AWS EC2 T2 Instances: 700 Seconds of Fame

There is no shortage of innovation going on in cloud pricing models, ranging from preemptible virtual machines from Google to pay-per-tick code execution services such as AWS Lambda. The overall trend is that pricing is getting ever more granular and complex. This applies to both emerging pay-as-you-go services as well as mainstream virtual machines. As IaaS providers get more creative, IaaS customers do as well. The IT world is not far from a time where capacity owners are placing and buying back IT capacity just like corporate cash positions today. The future is a world where enterprises close daily books not just in dollars, but also in petabytes and GHz.

A small step in this direction is a new utility pricing model implemented by AWS for their T2 virtual machines, also known as EC2 instances. These virtual machines have a fixed maximum capacity measured based on the number of CPU cores and a variable burst capacity measured in CPU credit units. CPU credits measure the amount of time that the virtual machine is allowed run at maximum capacity. One CPU credit is equal to one virtual CPU running at 100% utilization for one minute. If the machine has 60 credits, it can utilize one vCPU for 1 hour. If the CPU credit balance of a machine is zero, it runs at base performance.

The AWS pricing page provides the following parameters for T2 instances as of May 17, 2015:

Instance Type Initial CPU Credit* CPU Credits Earned Per Hour Base Performance
(CPU Utilization)
t2.micro 30 6 10%
t2.small 30 12 20%
t2.medium 60 24 40%

* T2 instances run on High Frequency Intel Xeon Processors operating at 2.5 GHz with Turbo up to 3.3 GHz.

The above table means that a t2.small instance can run for 12 minutes each hour at full capacity. If the instance runs out of CPU credits and still has work to do, it runs on a CPU share equivalent to 500 MHz CPU (2.5 GHz * 20%). Expect delays because that is not much. To put things in context, Samsung Galaxy S6 smartphones have 4 cores with 2.1 GHz clock speed each.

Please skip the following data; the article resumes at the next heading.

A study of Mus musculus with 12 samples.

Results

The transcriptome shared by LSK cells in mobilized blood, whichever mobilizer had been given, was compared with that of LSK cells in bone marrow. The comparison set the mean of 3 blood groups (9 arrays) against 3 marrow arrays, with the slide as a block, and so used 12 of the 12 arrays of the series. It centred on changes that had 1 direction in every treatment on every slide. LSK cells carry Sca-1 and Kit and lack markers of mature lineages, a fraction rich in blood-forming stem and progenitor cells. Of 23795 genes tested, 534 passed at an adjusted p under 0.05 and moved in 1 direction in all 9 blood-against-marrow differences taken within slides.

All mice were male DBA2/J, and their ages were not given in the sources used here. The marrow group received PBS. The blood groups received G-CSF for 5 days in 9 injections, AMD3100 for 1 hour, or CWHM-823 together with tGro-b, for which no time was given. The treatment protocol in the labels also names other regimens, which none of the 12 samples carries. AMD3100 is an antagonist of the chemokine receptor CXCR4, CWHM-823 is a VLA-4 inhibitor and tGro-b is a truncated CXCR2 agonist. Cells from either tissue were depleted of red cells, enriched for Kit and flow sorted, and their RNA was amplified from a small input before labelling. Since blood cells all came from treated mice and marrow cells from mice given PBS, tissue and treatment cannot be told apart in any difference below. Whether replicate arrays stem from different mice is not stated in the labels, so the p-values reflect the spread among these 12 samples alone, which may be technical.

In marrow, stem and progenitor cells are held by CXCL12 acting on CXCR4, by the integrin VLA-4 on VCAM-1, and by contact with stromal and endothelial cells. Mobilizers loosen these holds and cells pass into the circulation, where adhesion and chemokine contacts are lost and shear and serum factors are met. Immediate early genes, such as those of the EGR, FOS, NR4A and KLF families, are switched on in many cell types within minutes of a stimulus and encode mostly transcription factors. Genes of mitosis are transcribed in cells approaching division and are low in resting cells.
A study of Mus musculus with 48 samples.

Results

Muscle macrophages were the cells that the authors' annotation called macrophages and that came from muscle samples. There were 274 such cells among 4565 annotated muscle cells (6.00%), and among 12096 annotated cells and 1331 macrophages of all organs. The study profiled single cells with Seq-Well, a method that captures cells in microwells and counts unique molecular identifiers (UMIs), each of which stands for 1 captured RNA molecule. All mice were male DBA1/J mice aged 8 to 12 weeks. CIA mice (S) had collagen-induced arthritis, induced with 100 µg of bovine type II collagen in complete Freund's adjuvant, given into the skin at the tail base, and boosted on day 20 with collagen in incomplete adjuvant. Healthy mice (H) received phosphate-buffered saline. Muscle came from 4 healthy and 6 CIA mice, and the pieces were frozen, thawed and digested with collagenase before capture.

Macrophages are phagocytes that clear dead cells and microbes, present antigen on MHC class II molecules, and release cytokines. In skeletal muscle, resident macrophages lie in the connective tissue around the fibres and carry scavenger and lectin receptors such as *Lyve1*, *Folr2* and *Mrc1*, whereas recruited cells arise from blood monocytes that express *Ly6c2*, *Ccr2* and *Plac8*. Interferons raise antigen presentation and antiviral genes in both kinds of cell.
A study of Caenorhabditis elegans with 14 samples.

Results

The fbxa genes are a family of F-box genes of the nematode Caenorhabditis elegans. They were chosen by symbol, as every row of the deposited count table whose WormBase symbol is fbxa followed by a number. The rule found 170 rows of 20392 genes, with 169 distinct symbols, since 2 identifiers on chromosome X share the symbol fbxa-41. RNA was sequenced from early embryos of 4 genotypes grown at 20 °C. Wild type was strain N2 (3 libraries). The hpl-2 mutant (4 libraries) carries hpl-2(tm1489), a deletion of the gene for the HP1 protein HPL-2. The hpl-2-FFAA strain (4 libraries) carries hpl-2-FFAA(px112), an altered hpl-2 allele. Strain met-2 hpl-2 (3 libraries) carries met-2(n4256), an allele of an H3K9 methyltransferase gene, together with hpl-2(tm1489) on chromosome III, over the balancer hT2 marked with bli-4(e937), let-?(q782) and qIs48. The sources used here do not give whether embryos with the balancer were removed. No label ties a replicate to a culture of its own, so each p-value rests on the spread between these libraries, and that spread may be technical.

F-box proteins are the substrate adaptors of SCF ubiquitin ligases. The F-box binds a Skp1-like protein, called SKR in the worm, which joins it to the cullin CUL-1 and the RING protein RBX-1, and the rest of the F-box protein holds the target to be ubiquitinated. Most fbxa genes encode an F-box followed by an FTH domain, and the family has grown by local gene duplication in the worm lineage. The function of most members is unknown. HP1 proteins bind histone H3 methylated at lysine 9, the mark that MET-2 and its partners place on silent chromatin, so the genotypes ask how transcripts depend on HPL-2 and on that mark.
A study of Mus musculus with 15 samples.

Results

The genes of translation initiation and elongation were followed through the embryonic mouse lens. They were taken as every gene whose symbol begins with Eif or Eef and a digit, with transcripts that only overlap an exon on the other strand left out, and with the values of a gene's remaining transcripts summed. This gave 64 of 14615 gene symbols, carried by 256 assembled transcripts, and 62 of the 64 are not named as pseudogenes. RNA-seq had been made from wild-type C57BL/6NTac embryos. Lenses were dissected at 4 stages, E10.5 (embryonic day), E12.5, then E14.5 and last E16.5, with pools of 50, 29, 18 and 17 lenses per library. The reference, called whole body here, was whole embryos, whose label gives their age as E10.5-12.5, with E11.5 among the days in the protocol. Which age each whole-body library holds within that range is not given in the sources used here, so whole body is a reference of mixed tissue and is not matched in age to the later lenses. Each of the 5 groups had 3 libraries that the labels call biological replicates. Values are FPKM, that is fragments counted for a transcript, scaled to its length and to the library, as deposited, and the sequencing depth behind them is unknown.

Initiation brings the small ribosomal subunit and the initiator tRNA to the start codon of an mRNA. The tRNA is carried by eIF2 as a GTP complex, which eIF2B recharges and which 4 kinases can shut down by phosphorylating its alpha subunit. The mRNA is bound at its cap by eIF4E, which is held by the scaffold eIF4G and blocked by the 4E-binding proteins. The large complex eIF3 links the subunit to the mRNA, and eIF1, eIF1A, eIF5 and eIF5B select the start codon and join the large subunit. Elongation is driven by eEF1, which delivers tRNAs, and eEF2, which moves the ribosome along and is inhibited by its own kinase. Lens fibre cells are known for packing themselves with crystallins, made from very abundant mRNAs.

The charts below illustrate the relationship between CPU credit balance, CPU credits and CPU usage.

CPU Usage results in CPU credit drawdown which reduces the CPU credit balance. Idle time frees the CPU and earns CPU credits.

The CPU usage in this case is generated with a stress package triggered by cron schedule at the beginning of each hour and runs just enough to maintain CPU credit balance at a constant level throughout the day. There are no applications running on the instance other than services pre-installed on Ubuntu 14.04 server distribution.

3 * * * * stress –cpu 1 –timeout 700

The attentive reader notices that the number of seconds that the stress command loads the CPU is 700 seconds which is 20 seconds less than the advertized 12 minutes but assume that this is how much CPU time is consumed by the machine without CPU stress.

What is the conclusion on T2 instances after all? One way to approach this is to follow Amazon advice that “T2 instances are a good choice for workloads that do not use the full CPU often or consistently, but occasionally need to burst.”

The question is how do you know if T2 is a good choice given your particular application. The solution is monitoring and alerting. Unlike other instances, T2 machines expose CPU credit balance and CPU credit usage metric which you can view in the Amazon CloudWatch console or query with the AWS CloudWatch API.

You can also create alerts for CPU credit balance which fire during prime hours in case the system is out of credits.

Last but not least, if you are running more than a few EC2 instances, you can have Axibase Time-Series Database collect CloudWatch metrics for you to help make smart capacity planning decisions and forecasting at scale.